For some time now I’ve been working on the little problems on Rosalind. Adn I’ve been stuck on one quite easy one, for ages.
And I’ve just solved it. And the problem wasn’t to do with my code at all, it was to do with the differing versions of Python.
To solve this problem you use the inbuilt factorial function and the results from that differ under Python 2.7 and 3.
I am using 3 and obviously the people who are running Rosalind, are using 2.7.
So for instance, with this dataset:
Python 2.7 gives the answer: 124917299331128613009585280018022400000000 which is accepted.
And Python 3 gives the answer:124917299331128612574021702489190831226880 which looks to be more accurate to me, but is not accepted.
So I’m just posting this here in case others who are stuck on this one can find the answer here.
I’m not sure why I’m so happy about getting this, but I am!
I’m looking forward to part 2 of this course too.
Man, I’m exhausted. It’s 10:15pm on a Monday night and I’ve just finished my Bioinformatics Algorithms 1 offered by UC San Diego! Here is a link to the course FYI.
Wow, 10 weeks, and around 70 programming assignments later, I reckon I’ve learned heaps. Heaps about programming in Python, heaps about biology, heaps about algorithms and gained some confidence in myself!
Years ago I used to program at Air NZ, The Optima Corporation, Compaq Sorting and a few other places. I used all the scientific/engineering tricks I learned at university and picked up many others on those jobs.
And then I got into property in 1996 and have only done bits and pieces of programming since then. So it was really good to pick this stuff up again and give it a whirl, as they say. It’s a different arena, it’s Python rather than C++, VB, Fortran, and it’s in the biology sector as opposed to things like airlines.
But there are a lot of crossover areas/skills etc. So after a very shaky start and many “I want to throw the monitor through the window” moments, I managed to pull through. Actually week 10 was easier than week 9 because the material was presented more fully by the tutors. So it was easier to sort it out.
Going to bed now!
Sheesh, this week was a big week!
We covered suffix trees and suffix arrays. These are tree structures that are useful when looking for patterns in collections of strings.
I found the material quite challenging. Not many details were given by the instructors for this week’s material which meant a lot of it had to be done via finding stuff on the net.
I actually got the code challenges finished 3 days early (usually I’m pushing it right to the wire, as is the way with these things) so I’m going to start on the next week’s assignments straight away.
This will be the last week, week 10. And it’s on something called the Burrow’s Wheeler Transform…
For anyone wanting some sort of idea of what bioinformatics is, see the video on this page: https://www.coursera.org/course/bioinfomethods1. It gives quite a good description.
1 week to go, wahoo!
Well bioinformatics continues to be interesting and challenging.
The last couple of week have been on sequence alignment. Biologists want to align sequences of text (made up from the alphabet of ACGT or the protein alphabet which is similar to the normal one we use minus a few characters) for many reasons.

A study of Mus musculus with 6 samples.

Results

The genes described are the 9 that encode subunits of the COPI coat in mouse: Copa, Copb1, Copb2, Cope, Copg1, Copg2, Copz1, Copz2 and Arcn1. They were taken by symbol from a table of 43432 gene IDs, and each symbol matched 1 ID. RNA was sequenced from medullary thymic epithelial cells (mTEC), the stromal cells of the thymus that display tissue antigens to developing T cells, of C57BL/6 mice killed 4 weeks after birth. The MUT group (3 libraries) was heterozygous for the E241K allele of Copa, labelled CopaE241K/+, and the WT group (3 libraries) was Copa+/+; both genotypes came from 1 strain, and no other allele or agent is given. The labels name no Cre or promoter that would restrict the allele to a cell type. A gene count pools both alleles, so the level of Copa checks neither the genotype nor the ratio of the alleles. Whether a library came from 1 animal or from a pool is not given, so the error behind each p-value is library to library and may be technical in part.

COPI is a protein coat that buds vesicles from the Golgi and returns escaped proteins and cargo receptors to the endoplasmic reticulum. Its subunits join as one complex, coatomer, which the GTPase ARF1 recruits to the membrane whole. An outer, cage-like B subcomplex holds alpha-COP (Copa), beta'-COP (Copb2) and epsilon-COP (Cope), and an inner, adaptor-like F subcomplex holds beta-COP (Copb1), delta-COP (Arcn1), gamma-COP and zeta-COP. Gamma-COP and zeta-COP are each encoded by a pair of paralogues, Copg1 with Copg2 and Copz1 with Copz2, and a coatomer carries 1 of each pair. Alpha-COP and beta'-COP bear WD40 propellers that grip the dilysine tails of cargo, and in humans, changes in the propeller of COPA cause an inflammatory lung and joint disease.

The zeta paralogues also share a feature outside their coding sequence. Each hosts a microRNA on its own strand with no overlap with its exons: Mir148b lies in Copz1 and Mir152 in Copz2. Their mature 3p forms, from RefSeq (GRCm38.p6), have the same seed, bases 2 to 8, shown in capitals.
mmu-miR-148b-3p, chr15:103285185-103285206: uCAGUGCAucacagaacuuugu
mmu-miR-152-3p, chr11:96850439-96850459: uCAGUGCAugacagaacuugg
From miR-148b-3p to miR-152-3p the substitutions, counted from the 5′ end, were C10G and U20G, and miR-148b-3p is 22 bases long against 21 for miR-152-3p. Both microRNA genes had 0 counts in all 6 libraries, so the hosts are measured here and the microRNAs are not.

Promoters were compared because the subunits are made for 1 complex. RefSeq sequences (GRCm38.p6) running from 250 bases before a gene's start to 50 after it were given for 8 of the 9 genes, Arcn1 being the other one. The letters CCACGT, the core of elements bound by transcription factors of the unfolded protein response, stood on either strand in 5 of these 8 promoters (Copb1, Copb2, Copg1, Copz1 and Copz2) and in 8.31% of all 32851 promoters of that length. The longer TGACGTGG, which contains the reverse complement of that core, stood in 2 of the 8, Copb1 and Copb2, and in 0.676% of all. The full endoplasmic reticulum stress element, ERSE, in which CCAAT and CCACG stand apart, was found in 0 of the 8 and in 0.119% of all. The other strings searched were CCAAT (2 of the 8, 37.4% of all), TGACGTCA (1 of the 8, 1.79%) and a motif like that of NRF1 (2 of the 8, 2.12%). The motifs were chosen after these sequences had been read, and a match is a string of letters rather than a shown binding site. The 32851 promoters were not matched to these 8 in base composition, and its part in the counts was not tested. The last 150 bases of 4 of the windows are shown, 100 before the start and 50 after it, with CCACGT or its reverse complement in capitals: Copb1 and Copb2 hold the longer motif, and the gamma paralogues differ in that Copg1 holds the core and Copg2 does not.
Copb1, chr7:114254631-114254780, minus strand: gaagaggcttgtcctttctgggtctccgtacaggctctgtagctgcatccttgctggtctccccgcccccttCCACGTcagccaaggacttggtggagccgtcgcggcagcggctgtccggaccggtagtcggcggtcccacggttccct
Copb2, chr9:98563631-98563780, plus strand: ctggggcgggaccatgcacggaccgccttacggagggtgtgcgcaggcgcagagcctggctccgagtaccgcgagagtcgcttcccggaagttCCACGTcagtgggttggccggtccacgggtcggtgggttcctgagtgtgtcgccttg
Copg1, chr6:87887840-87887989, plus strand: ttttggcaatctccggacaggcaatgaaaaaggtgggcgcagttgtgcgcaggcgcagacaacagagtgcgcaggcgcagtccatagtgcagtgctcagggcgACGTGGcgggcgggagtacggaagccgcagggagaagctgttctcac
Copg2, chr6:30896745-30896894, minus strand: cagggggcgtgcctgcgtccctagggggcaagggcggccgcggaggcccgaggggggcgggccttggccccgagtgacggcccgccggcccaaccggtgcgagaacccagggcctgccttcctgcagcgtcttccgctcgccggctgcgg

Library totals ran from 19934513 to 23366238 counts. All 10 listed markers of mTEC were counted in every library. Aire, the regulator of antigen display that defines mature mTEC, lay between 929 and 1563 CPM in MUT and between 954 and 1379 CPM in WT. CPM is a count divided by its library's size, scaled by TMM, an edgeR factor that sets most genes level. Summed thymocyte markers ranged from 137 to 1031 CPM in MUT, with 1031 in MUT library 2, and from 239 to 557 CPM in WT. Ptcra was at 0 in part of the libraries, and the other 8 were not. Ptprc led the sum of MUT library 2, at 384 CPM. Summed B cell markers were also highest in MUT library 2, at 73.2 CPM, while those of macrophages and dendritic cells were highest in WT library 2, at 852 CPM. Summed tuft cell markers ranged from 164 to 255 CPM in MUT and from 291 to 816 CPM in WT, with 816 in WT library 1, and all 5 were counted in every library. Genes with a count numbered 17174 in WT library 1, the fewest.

They can discover all sorts of things by aligning sequences like how various functions work, how bits of DNA replicate and so on.
Some bits of sequences might look like this:
The values in red have been lined up. And this can be quite tricky to do but very useful as I said above.
So we’ve been learning various alignment techniques, which rely pretty heavily on graph theory and dynamic programming.
I’ve never really understood dynamic programming before so it was good to do quite a lot with it and get a decent feel for it. It’s a really powerful technique.
Oh well, onto week 8, only 3 or so more weeks left I think, the course finishes on 27th Jan.
This was a pretty tough week. Interesting but tricky algorithms to implement.
I had another case of an algorithm that was running really slowly. In fact I started it before I went to bed and it was still running when I got up in the morning.
So I rewrote it, and it ran in like 20 seconds! Just goes to show, choice of data structures and algorithms are soooo important.
Now onto week 6!
So 4 weeks and 26 programming assignments completed now.
Gotta say I’m enjoying it immensely.
It’s quite hard but I seem to eventually muddle my way through the assignments. Sometimes with a bit of help from others posting on the discussion forums.
Had a fun time optimising one of my programs a couple of days ago. This is what I posted on the Coursera forum for this course:
By the way, what are people’s runtimes? I spent some time optimising yesterday and got my run time down from 2 mins to under 1 second lol. I was using a list to store nodes and traversing that list to find the node in the list of 2000 or so with label ‘234’ or whatever.
So then it occurred to me that I could have an indexing array. With the node label pointing to an index in the node list. And then I slapped my forehead, said “Doh!”, not for the first time in this course. This is of course exactly what a dict is, so instead of having a node list, I have a node dict!
And another thing: Profiling: It’s absolutley wonderful in Python. Took me about 15 mins to grab some code off the net and add it to my program. It shows where all the time is spent, number of calls to each function AND runs in real time! i.e. doesn’t slow down the program! All built in too: http://docs.python.org/2/library/profile.html
So onto week 5 now and I’ve done 2 out of the 5 so far but only a few days left for the other 3… I’ll get them done somehow.
This course is considerably better than many I took at university, paying fees for. This course is free!